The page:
The American Diner



There are diners that resemble Rosebuds in many small towns around the country, including my hometown’s New York Lunch in Gloversville, NY. Less traditional in character, it has its Flo-like waitresses, the soft barstools, homemade rice pudding to die for and the gut wrenching but popular “everything hotdog” for $1.95. When you ask for the “works,” you get it all – the mustard, ground beef, ketchup, onions and relish.

Then there are the American midwest “in the middle of nowhere” diners. These diners often don’t have the soft barstools or the tableside jukebox machines but they do have the Flo-like waitresses armed with coffee pots, the endless cokes with large straws and real cowboys.

We discovered Doo-Wah Dittys Diner, a crossbreed diner/truck stop in Kimball South Dakota. As we drove into the parking lot, an old rusty blue truck from another era pulled in alongside us…..our dinner guests as it turned out. In towns like Kimball, places like Doo-Wah Dittys Diner are typical and there’s not much else to choose from on any night of the week, including Saturday night.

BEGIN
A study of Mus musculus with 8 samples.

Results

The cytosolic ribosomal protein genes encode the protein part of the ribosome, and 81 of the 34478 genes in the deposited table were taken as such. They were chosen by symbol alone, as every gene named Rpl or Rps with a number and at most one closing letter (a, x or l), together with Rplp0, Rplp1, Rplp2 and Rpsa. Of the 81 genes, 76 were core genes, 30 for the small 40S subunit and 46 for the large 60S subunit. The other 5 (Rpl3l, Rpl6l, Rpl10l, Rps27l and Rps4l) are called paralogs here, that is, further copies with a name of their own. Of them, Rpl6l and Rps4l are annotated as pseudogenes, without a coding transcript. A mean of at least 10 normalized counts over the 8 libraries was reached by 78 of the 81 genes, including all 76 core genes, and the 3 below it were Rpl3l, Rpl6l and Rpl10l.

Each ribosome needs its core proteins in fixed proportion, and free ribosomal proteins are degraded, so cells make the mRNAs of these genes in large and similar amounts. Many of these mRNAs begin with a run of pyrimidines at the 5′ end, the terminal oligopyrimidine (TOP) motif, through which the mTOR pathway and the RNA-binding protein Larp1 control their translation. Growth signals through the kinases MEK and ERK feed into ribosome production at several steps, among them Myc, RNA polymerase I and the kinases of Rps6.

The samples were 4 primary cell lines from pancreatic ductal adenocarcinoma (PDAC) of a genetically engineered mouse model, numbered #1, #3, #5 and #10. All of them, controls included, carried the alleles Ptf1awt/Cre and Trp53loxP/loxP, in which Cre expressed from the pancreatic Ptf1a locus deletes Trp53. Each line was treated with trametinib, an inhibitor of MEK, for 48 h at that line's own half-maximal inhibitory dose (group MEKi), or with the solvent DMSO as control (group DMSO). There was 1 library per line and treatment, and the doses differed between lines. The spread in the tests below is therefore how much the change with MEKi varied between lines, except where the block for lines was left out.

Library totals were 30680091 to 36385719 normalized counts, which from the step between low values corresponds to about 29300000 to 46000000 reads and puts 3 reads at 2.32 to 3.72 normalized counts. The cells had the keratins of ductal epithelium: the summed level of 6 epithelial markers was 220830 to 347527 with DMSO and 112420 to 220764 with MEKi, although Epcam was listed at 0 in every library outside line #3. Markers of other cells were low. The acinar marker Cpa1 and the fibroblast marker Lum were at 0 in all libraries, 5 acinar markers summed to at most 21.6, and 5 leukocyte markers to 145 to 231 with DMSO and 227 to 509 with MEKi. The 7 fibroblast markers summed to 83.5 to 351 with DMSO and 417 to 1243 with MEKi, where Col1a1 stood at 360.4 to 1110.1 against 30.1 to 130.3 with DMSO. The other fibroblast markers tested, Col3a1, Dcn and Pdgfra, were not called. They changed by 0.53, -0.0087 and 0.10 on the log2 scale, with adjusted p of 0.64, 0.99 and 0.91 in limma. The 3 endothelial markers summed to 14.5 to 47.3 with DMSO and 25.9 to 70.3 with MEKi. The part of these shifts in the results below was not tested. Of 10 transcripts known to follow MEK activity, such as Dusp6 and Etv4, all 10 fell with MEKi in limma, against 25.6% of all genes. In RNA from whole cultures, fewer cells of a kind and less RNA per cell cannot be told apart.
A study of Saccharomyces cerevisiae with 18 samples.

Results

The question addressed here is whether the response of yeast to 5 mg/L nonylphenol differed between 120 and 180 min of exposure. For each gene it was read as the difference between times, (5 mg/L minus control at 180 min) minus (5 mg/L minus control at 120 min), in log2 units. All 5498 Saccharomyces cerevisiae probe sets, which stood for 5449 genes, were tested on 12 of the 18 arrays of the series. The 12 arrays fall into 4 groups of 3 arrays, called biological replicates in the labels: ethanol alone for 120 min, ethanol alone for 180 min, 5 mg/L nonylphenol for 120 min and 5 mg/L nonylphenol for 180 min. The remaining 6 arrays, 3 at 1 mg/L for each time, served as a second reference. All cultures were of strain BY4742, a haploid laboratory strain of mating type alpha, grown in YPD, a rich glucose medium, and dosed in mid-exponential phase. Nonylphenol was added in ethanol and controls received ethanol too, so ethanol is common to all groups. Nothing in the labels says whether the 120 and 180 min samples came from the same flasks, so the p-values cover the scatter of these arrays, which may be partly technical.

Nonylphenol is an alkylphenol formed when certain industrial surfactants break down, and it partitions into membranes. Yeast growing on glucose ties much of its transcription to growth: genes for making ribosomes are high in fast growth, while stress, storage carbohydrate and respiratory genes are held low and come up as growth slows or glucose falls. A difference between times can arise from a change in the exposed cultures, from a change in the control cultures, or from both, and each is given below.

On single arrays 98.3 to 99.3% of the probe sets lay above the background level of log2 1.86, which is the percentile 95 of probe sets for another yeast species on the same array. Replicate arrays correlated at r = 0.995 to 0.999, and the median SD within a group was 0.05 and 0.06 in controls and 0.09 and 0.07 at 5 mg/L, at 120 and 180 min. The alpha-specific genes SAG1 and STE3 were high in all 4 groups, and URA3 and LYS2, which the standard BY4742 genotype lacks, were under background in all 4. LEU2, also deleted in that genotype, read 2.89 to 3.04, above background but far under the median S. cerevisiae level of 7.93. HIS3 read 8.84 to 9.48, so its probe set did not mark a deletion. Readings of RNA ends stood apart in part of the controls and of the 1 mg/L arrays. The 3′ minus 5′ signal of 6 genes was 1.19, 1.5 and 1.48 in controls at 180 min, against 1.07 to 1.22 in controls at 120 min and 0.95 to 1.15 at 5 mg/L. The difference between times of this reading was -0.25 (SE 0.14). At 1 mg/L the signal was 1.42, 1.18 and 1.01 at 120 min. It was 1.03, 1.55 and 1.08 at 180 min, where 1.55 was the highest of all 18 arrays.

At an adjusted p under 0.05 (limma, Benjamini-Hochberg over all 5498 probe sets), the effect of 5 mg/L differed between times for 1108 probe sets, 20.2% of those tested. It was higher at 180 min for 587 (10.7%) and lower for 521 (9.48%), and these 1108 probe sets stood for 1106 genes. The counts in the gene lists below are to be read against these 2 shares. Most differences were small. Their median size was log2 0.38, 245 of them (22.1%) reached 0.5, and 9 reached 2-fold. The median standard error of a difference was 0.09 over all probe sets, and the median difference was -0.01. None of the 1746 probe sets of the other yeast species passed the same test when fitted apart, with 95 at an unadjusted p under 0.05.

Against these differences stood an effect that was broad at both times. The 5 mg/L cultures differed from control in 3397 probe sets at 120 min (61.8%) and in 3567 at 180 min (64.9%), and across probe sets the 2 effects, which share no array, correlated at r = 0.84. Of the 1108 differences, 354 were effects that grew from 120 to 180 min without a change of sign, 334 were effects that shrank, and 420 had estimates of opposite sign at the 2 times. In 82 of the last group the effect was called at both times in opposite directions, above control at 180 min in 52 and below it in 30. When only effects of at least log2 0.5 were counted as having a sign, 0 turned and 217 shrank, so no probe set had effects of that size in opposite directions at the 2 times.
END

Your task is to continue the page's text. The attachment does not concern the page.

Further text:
Open later than most places we encountered along the way, our evenings ended shortly after “the town diner” closed for the night, usually around 8 pm. Here we discovered one other place called Mo’s, which really was nothing more than a one-horse saloon in the middle of the prairies.



Ah, the open prairies. No WalMart, no cinemas, no fast food chains, no Starbucks – just a string of lazy cows grazing, Wall Drug-like billboards, trading posts, haystacks, long grass, a dumpy and bare petrol station that surrounded nothing but flat fields and alas, the American diner.

Al’s Oasis, which nestled among a strip of western saloon style buildings along South Dakota’s I90, was known for its Buffalo Burger, a common item on the menu in the area. The only choice in town, it sat adjacent to the petrol station and convenient store just off the highway. Hard as a rock, it has to be eaten. The key thing to remember at a moment like this: “ask the waitress for colorful stories and be an attentive listener….once you’re lost in her dialogue, you forget about high quality cuisine and relish in why you’re where you’re at.”